Our breasts hold their shape via delicate ligaments that act as support yet encourage movement at the same time.  A rich lumphatic network runs through your tissue that facilitates the transport of 75% of the lymph in your whole body!

Unlike other parts of our bodies, our breasts don’t have muscle pumps to assist the movement of fluid through them.  They are comprised of glands, ducts and adipose tissue (fat) and are designed for movement.  Congested or constricted breasts normally have obstacles impeding this natural drainage and circulation process.

Breast massage can help you maintain the health of your breasts, increase relaxation and create a general sense of well being, helping to improve circulation and health as well as providing a sense of holism in your regular massage treatment.  Your massage therapist can be a helpful part of your breast screening routine.


Now that you have a better understanding of your breasts, it is important that you apply this knowledge to your health. The four-step procedure shown below will give you a simple massage technique that can be done, by yourself, in the privacy of your own home. Although almost any gentle massage technique will be of benefit, these four techniques should be a part of your personal regimen.

The purpose of these techniques is to flush fluids from the breast, (both venous and intercellular), bring nutrition to the tissues and specifically remove the toxins via the lymphatic system. Also, these techniques will enhance the health and elasticity of the support ligaments, which will in turn provide you with better breast support.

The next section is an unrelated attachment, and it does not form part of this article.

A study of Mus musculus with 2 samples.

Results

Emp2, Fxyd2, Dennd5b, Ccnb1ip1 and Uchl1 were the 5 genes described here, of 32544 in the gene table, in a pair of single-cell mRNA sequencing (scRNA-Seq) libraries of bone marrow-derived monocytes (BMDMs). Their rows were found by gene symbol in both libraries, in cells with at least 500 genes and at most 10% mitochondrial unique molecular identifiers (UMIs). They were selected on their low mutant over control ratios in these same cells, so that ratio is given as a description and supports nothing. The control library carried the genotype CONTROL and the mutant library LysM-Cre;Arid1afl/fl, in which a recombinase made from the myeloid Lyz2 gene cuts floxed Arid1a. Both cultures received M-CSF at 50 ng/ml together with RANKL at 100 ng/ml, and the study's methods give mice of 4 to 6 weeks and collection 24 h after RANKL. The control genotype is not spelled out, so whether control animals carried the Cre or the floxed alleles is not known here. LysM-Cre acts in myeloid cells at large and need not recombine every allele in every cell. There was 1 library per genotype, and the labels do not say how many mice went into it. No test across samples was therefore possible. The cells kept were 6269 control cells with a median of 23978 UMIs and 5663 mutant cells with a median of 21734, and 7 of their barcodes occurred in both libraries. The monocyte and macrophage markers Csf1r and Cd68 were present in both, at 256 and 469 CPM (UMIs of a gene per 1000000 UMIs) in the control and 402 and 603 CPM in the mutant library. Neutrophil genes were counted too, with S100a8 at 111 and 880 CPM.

More specifically, step One is a gentle draining motion designed to drain the breasts lymphatic system and is possibly the most important of the four steps. Steps number Two and Four are to assist in the movement of venous fluids. Feel free to experiment with these to movements and find what is comfortable for you. Step Three is simply to help keep your support ligaments in good health and assist in the fight against gravity.

This procedure should be done at least twice a week. It can be done on bare skin, but you may find that using some vegetable oil may be more comfortable. Stay away from mineral-based or scented oils.

Step One: Use your fingers to gently smooth away from the nipple. These movements travel from the nipple and directly away using no more pressure than what you would apply to your eyelid. Any more pressure would flatten the lymphatic vessel and stop the flow of toxins and fluids. Also, make this stroke slow, not fast, for it to be effective.

Step Two: Gently massage the breast with a kneading-like motion, using lifting and pressing movements.

Step Three: Slowly and carefully use your hands to twist the breast in a clock-wise and counterclockwise direction, being careful not to put too much tension on the breast.

Step Four: Use both hands as shown to apply several, moderate pressure, compressions to move out more pressure fluids.
Step Five: Repeat these steps on the other breast.


The technique shown below is one of the breast implant massage techniques known as displacement, which helps in postoperative augmentation by avoiding what is known as "Capsule Contracture". Capsule contracture can cause augmented breasts to become unnaturally hard and can also in some cases cause them to shift or look abnormal. Not only is breast massage important for the health of women with augmented breasts, but it is also important to maintain the appearance and feel of the augmented breasts as well.

Hold breast at bottom and squeeze bag from bottom to top to move through capsule and reduce adhesions. This technique should take 15 minutes tops to complete.